ELSS Funds


 

You may be aware that section 80C of the income tax act offers the chance to lessen your tax obligation by considering certain investments and payments made throughout the financial year, with a maximum reduction in taxes reaching up to ₹1,50,000 each year.

 

If your total gross yearly income is Rs.1,200,000/- , investing Rs.1,50,000/- in 80C options will help to decrease your tax liability. This can lower your taxable income to 1,050,000/-.

 

Under section 80C, there are numerous investment options available to choose from, one of them being an ELSS mutual fund. You can opt for investing the entire amount of Rs.1,50,000/- in this scheme or divide it amongst other plans including Life Insurance, Public Provident Fund, five year FDs and Sukanya Smariddi Yojana.

 

It’s necessary to consider your financial strategy when deciding what to do. We can go into more detail as our module moves on.

 

Here’s how SEBI has defined ELSS fund-

 

Here are 2 things to note-

 

It looks as though the Government is aiming to encourage long-term investing habits with ELSS funds, thanks to their mandatory three-year lock-in period. A positive way of looking at it, I’d say!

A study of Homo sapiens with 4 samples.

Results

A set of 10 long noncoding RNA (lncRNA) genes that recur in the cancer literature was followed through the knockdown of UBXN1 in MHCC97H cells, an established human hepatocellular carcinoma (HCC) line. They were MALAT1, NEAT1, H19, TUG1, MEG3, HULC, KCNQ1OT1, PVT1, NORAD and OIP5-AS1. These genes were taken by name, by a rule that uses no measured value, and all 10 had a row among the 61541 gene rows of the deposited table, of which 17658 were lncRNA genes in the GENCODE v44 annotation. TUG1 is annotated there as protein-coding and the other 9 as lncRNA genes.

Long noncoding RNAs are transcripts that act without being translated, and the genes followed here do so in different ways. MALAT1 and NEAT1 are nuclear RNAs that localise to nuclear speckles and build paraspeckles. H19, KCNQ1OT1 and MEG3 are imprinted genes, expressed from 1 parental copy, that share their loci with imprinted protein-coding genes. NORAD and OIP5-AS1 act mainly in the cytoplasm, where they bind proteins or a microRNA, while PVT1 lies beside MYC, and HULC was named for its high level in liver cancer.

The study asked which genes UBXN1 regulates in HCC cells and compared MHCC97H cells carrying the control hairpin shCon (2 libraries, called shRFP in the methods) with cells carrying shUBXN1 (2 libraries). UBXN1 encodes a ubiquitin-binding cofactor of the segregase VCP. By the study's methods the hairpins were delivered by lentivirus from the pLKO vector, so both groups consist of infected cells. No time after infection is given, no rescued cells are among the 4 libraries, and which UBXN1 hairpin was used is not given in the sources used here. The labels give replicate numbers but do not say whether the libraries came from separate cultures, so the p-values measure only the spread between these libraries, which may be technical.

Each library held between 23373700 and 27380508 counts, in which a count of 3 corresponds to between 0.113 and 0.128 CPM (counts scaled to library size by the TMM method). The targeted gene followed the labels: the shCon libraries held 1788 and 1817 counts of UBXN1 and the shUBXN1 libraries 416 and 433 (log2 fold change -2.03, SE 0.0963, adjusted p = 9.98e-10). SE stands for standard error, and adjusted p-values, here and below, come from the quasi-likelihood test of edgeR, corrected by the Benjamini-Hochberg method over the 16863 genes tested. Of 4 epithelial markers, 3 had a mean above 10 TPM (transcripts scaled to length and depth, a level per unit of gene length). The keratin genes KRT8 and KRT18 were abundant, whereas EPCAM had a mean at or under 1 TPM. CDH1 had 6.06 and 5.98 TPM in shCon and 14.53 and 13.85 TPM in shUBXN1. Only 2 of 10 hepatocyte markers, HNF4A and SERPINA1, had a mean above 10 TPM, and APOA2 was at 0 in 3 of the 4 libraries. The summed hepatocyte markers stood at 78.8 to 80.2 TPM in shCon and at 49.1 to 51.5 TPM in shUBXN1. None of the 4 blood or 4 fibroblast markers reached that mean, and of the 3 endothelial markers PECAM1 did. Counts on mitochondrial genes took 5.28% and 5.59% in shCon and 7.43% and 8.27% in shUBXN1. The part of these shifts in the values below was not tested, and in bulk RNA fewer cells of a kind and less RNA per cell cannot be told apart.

ELSS funds are mandated to invest primarily in equity and related instruments. The market capitalization of stocks is unrestricted.

 

Many wrongly believe ELSS funds are a substitute for a large-cap fund, which is not wholly accurate. Generally, ELSS mutual funds could be taken as an equivalent of multi-cap funds. The data below clearly elucidates this –

 

These 40 ELSS funds have various investment concentrations. Here, you’ll find 23 having less than 70% in large-cap assets and the others with over 70%. Such as the IDFC Tax Advantage fund, which has a well-rounded mix of stocks from all market capitalizations.

 

When considering an ELSS fund, bear in mind your portfolio structure. For instance, choosing a large-cap fund such as HDFC Taxsaver would not be beneficial if you already have a substantial amount of large-cap stocks in your portfolio as 83% of HDFC Taxsaver is invested in this type of stock.

 

The performance of ELSS funds over the past decade can be seen as follows:

 

These are some of the leading funds in terms of assets under management. The average rate of return is estimated to be around 11-12%, which corresponds with the multi-cap fund’s performance.

 

After covering the basics of equity mutual funds, we will move on to comprehending debt funds and exploring their subcategories. Then, we can focus on learning how to select a mutual fund and construct a portfolio.